Needed: AI infohazard policy

by Vanessa Kosoy1 min read21st Sep 202017 comments


The premise of AI risk is that AI is a danger, and therefore research into AI might be dangerous. In the AI alignment community, we're trying to do research which makes AI safer, but occasionally we might come up with results that have significant implications for AI capability as well. Therefore, it seems prudent to come up with a set of guidelines that address:

  • Which results should be published?
  • What to do with results that shouldn't be published?

These are thorny questions that it seems unreasonable to expect every researcher to solve for themselves. The inputs to these questions involve not only technical knowledge about AI, but also knowledge about the behavior of progress, to the extent we can produce such using historical record or other methods. AI risk organizations might already have internal policies on these issues, but they don't share them and don't discuss or coordinate them with each other (that I know of: maybe some do it in private channels). Moreover, coordination might be important even if each actor is doing something reasonable when regarded in isolation (avoiding bad Nash equilibria). We need to have a public debate on the topic inside the community, so that we arrive at some consensus (that might be updated over time). If not consensus, then at least a reasonable spectrum of possible policies.

Some considerations that such a policy should take into account:

  • Some results might have implications that shorten the AI timelines, but are still good to publish since the distribution of outcomes is improved.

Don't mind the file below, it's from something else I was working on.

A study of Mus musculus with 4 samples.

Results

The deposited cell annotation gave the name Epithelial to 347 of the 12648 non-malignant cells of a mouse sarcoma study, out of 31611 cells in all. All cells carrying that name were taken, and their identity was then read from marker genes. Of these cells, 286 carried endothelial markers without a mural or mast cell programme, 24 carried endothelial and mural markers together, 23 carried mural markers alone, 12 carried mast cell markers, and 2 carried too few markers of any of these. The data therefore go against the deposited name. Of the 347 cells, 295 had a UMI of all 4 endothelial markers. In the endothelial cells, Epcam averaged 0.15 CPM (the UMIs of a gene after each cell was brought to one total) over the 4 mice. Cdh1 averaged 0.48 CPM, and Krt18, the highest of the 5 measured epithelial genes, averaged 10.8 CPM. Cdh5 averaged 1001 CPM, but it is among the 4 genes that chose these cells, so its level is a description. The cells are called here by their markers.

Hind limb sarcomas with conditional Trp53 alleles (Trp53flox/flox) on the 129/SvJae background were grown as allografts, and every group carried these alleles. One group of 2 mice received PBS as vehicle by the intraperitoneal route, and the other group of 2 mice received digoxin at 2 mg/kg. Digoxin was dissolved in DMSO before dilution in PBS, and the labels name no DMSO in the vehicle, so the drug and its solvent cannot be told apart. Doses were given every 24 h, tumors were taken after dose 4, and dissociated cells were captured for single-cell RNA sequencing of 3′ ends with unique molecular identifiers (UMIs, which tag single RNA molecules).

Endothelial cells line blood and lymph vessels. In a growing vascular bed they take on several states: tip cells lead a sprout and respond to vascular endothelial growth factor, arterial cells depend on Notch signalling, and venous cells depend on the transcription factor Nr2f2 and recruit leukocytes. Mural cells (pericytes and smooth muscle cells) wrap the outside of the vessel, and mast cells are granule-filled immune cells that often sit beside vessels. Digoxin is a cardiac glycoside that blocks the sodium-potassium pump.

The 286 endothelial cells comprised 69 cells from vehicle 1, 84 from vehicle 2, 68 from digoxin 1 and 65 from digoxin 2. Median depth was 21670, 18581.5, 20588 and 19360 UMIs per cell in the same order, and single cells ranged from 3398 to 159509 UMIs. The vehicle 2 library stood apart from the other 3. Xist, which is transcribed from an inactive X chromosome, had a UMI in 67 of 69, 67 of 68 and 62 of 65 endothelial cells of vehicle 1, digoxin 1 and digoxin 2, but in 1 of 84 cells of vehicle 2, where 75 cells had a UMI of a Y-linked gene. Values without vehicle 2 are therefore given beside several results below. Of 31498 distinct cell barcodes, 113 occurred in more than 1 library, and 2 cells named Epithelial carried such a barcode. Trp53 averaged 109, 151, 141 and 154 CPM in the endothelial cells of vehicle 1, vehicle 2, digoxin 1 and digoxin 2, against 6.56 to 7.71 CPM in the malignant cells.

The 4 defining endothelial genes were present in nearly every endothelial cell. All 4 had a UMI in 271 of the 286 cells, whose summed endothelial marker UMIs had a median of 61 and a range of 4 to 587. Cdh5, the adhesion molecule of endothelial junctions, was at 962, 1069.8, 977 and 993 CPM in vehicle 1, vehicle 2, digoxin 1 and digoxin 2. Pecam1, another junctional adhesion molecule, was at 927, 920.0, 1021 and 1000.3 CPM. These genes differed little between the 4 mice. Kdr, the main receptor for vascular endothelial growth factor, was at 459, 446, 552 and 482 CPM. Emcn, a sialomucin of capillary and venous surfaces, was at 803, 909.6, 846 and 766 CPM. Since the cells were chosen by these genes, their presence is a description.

• Usually we shouldn't even start working on something which is in the should-not-be-published category, but sometimes the implications only become clear later, and sometimes dangerous knowledge might still be net positive as long as it's contained.
  • In the midgame, it is unlikely for any given group to make it all the way to safe AGI by itself. Therefore, safe AGI is a broad collective effort and we should expect most results to be published. In the endgame, it might become likely for a given group to make it all the way to safe AGI. In this case, incentives for secrecy become stronger.
  • The policy should not fail to address extreme situations that we only expect to arise rarely, because those situations might have especially major consequences.

Some questions that such a policy should answer:

  • What are the criteria that determine whether a certain result should be published?
  • What are good channels to ask for advise on such a decision?
  • How to decide what to do with a potentially dangerous result? Circulate in a narrow circle? If so, which? Conduct experiments in secret? What kind of experiments?

The last point is also related to a topic with independent significance, namely, what are reasonable precautions for testing new AI algorithms? This has both technical aspects (e.g. testing on particular types of datasets or particular types of environments, throttling computing power) and procedural aspects (who should be called to advice/decide on the manner). I expect to have several tiers of precautions, s.t. a tier can be selected according to our estimate of the new algorithm's potential, and guidelines for producing such an estimate.

I emphasize that I don't presume to have good answers to these questions. My goal here was not to supply answers, but to foster debate.